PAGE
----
Thursday, March 24, 2011

Could New Opioid Regs Lead to Tsunami of Heroin?

Briefly NotedVarious states in the U.S. and federal agencies seem justifiably determined to stem the rising tide of opioid-analgesic abuse, addiction, and diversion. However, an unintended consequence of new approaches for ameliorating these problems might be a powerful resurgence of heroin overdoses and deaths.

As noted in a recent UPDATES article [here], Washington state has forged new and restrictive rules governing the management of chronic noncancer pain with opioid analgesics. Along with that, some manufacturers have introduced new, abuse-deterrent formulations of prescription opioids. Expectedly, such measures would avert the misuse and abuse of such products.

Now, a recent news report from a rural county just north of Seattle, Washington, comments, “Police say a string of heroin overdoses in Snohomish in the past weeks is tied to OxyContin abusers switching to heroin as their drug of choice. …they expect overdoses will continue because users switching from OxyContin to heroin are likely to misjudge how much heroin is too much for their bodies to handle” [see Snohomish County Tribune News here].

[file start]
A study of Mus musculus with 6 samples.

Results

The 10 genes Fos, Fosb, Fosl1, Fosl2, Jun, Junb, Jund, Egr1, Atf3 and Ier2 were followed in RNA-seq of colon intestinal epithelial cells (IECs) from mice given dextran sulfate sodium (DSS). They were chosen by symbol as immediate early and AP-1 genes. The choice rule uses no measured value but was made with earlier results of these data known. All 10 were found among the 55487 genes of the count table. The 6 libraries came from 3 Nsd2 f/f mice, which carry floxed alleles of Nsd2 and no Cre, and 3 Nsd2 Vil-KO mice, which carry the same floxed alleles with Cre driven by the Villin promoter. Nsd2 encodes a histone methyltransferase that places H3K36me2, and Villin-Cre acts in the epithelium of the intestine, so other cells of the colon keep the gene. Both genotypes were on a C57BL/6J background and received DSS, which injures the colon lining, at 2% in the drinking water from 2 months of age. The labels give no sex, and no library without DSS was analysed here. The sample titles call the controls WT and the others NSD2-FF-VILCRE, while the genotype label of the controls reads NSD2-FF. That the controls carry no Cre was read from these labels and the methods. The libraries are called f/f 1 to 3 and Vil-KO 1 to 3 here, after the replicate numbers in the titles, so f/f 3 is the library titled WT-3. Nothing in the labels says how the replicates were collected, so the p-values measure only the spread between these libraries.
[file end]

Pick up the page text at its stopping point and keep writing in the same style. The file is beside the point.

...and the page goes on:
Several heroin overdoses were reported during early March in this one rural county and it is part of a regional spike in such adverse events during just this year, according to police sources. Part of the reason for the switch to heroin was introduction of a new formulation of OxyContin® — a long acting version of oxycodone — making the pills more difficult to abuse, and possibly a lack of access to alternative prescription opioids. The news report continues, “More than half of the [police] department’s drug arrests these days are tied to heroin, and about 90 percent of the department’s drug investigations are for heroin.”

COMMENT: Despite the emphasis in government reports on escalating abuses of prescription-opioids, heroin is still very much present and accessible throughout America. As we have emphasized in prior UPDATES, abuse deterrent formulations of opioid analgesics and laws or regulations restricting opioid prescribing could negatively impact patients with pain while doing little to dissuade persons determined to abuse some form of opioid for nonmedical purposes. Apparently, heroin dealers may be benefitting from the new formulations and regulations.

Could reports from Washington state of heroin’s comeback represent the first warning waves of a deluge coming toward us from over the horizon? As usual, reader opinions are welcome — comment below.